TAYLOR Walker's decision to resist testing the free agency market has left next year's pool of key forwards looking decidedly thin.
Walker's new deal with the Crows is reportedly worth about $700,000 a season, but the 24-year-old could have commanded far more on the free agency market.
As you would expect, there was considerable opposition interest in the player who kicked 63 goals from 19 games in 2012 and who late last season looked to be back to his best after suffering a ruptured anterior cruciate ligament early in 2013.
Those jilted rival clubs – if they haven't already – will now turn their attention to Geelong's Tom Hawkins.
Hawkins is the standout key forward in the 2015 free agency pool and, as long as he remains unsigned, clubs will go hard at him.
They will do so knowing that Geelong has lost just one key player in his prime over the past decade, Gary Ablett. And that was to a Gold Coast team armed with an inflated salary cap ahead of its entry into the AFL.
However teams targeting Hawkins will also do so knowing that Geelong has been a firm believer in player payment relativity over the Mark Thompson-Chris Scott era and will be unlikely to match any Godfather offers to Hawkins.
AFL.com.au understands the Cats and Hawkins have had very preliminary contract discussions, but the spearhead is in no real rush to accelerate those talks.
Industry sources suggest Hawkins is widely seen as being a dyed-in-the-wool Geelong person who's extremely unlikely to leave the Cats.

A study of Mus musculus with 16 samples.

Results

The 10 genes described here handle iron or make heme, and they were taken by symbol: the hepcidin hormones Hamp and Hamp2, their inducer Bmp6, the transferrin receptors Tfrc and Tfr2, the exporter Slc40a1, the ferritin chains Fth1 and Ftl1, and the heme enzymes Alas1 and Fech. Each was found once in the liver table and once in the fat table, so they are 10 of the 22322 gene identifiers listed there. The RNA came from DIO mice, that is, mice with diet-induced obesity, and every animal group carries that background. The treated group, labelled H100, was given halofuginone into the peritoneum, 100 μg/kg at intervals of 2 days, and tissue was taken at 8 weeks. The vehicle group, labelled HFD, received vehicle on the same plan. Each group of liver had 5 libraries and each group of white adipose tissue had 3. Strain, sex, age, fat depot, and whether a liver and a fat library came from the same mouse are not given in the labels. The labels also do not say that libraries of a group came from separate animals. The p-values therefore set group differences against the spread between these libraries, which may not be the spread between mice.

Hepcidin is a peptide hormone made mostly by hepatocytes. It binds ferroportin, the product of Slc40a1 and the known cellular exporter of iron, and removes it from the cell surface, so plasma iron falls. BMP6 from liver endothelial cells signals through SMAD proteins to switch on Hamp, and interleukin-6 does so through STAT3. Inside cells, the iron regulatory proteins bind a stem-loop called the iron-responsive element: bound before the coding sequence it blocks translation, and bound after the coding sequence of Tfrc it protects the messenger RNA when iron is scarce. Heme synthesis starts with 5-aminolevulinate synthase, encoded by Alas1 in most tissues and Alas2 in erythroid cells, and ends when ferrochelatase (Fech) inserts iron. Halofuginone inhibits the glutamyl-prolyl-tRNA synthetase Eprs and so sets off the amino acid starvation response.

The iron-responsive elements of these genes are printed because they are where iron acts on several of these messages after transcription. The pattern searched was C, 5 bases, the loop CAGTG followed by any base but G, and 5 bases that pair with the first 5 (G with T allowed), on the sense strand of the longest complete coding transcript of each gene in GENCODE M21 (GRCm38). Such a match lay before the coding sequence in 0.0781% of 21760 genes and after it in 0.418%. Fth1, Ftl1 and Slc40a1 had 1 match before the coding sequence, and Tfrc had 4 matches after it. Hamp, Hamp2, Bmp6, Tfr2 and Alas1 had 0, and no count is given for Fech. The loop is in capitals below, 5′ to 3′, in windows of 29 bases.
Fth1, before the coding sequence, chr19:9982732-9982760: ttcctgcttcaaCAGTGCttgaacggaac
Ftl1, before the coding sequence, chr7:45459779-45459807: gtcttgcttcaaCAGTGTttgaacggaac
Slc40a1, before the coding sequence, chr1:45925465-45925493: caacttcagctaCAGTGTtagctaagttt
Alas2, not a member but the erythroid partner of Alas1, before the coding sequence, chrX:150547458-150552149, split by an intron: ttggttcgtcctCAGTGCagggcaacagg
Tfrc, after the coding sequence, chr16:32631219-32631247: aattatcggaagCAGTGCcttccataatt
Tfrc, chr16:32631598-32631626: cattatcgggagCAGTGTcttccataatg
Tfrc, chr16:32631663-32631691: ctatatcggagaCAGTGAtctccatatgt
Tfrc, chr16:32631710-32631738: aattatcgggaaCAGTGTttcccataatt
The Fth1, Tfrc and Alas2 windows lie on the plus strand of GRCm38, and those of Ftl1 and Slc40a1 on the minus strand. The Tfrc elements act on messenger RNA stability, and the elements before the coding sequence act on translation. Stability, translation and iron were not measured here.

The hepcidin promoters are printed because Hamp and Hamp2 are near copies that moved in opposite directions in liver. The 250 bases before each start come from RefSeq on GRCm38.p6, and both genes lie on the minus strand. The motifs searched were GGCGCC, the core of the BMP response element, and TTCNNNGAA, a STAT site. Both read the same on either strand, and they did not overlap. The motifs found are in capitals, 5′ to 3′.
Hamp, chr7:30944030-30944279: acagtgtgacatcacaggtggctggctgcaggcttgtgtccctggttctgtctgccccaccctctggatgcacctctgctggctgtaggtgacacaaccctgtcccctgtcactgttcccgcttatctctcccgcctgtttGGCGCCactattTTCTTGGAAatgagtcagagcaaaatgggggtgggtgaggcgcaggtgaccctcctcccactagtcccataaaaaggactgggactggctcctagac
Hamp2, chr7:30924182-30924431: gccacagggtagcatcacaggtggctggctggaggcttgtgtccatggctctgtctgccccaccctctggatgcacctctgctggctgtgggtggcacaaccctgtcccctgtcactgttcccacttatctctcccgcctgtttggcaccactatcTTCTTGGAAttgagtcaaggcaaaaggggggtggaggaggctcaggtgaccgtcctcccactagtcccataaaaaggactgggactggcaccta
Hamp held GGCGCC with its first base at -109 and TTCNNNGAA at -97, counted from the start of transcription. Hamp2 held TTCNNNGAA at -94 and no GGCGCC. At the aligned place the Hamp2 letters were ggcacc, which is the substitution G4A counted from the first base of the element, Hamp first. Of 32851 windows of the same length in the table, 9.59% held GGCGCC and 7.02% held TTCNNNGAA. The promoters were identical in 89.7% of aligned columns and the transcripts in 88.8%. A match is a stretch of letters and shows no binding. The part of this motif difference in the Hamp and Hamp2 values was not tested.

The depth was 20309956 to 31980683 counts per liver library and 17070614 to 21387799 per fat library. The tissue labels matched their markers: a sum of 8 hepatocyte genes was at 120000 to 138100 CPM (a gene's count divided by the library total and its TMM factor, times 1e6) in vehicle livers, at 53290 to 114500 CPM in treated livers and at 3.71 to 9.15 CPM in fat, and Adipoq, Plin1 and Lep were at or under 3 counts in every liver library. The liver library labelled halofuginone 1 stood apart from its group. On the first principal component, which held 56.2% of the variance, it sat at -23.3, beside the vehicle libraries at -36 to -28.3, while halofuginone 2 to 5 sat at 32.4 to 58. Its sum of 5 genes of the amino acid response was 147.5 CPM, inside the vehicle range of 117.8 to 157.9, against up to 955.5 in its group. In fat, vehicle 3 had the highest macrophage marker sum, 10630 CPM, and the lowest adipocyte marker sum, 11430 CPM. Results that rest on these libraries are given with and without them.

However, those same sources suggest that if rival clubs get the sense Hawkins might genuinely consider a change of club, the big-money offers would flood in fast.
If we look beyond Hawkins, the key forward stocks in next year's free agency market become very thin.
Essentially the only tall forwards still in their mid-20s are North Melbourne's Robbie Tarrant and Western Bulldog Jarrad Grant, although Carlton ruckman/forward Matthew Kreuzer could appeal to some clubs in need of a marking target in attack.
All three of these players have had injury problems, especially Tarrant and Kreuzer, and Grant has struggled to break into a Bulldogs' team that's long been crying out for a focal point.
So clubs might look to next year's uncontracted player market, instead.
Heading that list, of course, is Giant Jeremy Cameron.
If Tom Boyd can command a massive deal, then what is Jeremy Cameron worth? Picture: AFL Media
But if the Boyd trade is any guide – and it has to be given that, unlike Boyd, Cameron has already proven himself in the AFL – Greater Western Sydney would only let him go for an exorbitant price.
Given Cameron is not a free agent like Hawkins, that price would include not only his salary but also the trade deal to satisfy the Giants.
Anything less than very early draft picks and/or a star player would not even get the Giants to the bargaining table.
Jake Carlisle, Lachie Henderson and Jeremy Howe are also due to come out of contract, but, again, would come at a high price. Especially Carlisle.
Of course, clubs could also try to poach a contracted spearhead like the Dogs did with Boyd – Gold Coast's Sam Day, for example – but that player's existing club would have the whip hand in any trade negotiations.
Asked about next year's lean market, one list manager told AFL.com.au it was part of an ongoing trend where key forwards – especially elite ones – are becoming a rarer and more valuable commodity.
"If you want one, you're going to have to pay a pretty big price," he said.
The Swans and, especially, the Bulldogs have set the competition benchmark with the extraordinary deals they put together for Lance Franklin and Boyd in the past two player exchange periods.
For rival clubs to snare Hawkins or Cameron, they will have to conjure up similar multi-year, multi-million dollar deals.